At what age can my horse be classed a senior? Well, there is no black & white answer as with improved management and better nutrition horses are living heathy active lives well into their twenties. Traditionally horses were classed as veterans at fifteen but nowadays many competition horses don’t reach their peak until their teens. However, with age the digestive system does become less efficient. Therefore, for some older horse’s nutritional and management changes need to be made to ensure they maintain an ideal body condition.
Forage is a vital part of any equine diets, and without proper amounts, problems can occur in the digestive tract. Ideally seniors should be offered Ad-Lib high quality forage however, dental problems can make intake of sufficient forage challenging. Older horses appear to do better on fresh green grass even if they have lost some molars because grass is easily chewed and digested. The cycle of many older horses is to pick up weight during the spring & summer when the grass is growing and lose weight in the winter when the grass is dormant. Problems tend to happen when an older horse is asked to obtain its forage from hay only. A good additional forage source is grass/hay cubes which are available in grass/alfalfa mixes, the forage is chopped and then compressed into a cube, so some of the work of chewing is already done for the horse. If hay cubes are still too hard for the senior, then soaking them with water will soften the cubes. Bluegrass Better Beet or Turmash are excellent additional fibre sources as they are high in fibre and low in starch making them ideal for supporting digestive health and acting as partial forage replacers.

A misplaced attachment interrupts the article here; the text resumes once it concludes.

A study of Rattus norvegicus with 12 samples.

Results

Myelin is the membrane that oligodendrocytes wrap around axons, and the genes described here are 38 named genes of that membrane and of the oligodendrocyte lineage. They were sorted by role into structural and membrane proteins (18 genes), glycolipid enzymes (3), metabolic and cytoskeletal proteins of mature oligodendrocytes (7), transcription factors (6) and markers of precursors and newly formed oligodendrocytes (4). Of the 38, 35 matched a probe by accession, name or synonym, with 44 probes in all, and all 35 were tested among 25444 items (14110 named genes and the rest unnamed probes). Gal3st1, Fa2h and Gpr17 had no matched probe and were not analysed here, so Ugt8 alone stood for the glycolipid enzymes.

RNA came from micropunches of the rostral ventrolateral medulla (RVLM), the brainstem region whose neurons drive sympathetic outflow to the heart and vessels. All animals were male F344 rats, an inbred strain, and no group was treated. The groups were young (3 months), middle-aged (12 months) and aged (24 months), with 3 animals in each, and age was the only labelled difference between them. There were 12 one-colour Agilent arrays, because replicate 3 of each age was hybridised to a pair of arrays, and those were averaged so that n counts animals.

What feed best suits a senior?
As seniors have a reduced nutrient efficiency it’s vital to provide a feed that contains high quality proteins, vitamins and minerals that provide a fully balanced diet. Like people, horses age at different rates and there is no 'correct' age at which a specific 'senior feed' needs to be introduced. The most suitable dietary management will depend on the individual's clinical and/ or metabolic status and ability to maintain condition. Not all senior horses are prone to losing weight and for some reduced activity with a decrease in workload paired with an increase in turnout time could result in weight gain. Therefore, for these good doing seniors’ feeding high-quality forage and a balancer such as Stamm 30 will provide them with everything they need.
For those struggling to maintain condition it’s vital that we provide a conditioning feed suited to their individual needs. For horses that don’t suffer with metabolic issues a high calorie conditioning feed such as Cool N Condition Cubes, Prime Conditioning Mix or Prep 14, can be fed. These feeds are fully balanced and contain high levels of calories which is ideal as older horses tend to have a reduced appetite therefore with these feeds, they get more calories per bite. However, for horses that suffer with metabolic conditions it is vital to offer a low starch feed that increases condition through the addition of oils and supper fibres such as Re-Leve or Re-Solve.
Apart from maintaining condition we also want to support joint health; with age many horses begin to stiffen or develop osteoarthritis therefore offering feeds containing flax oil rich in Omega Fatty Acids can prove beneficial to help reduce joint pain/inflammation. Turmash not only acts as a good additional calorie source it also helps to support joint health as it contains high levels of Flax oil and also contains Turmeric known for its anti-inflammatory properties.
Remember the most suitable feed may not always say 'senior' on the bag. To ensure your golden oldie is receiving the most appropriate diet speak to one of our nutritionists for more advice.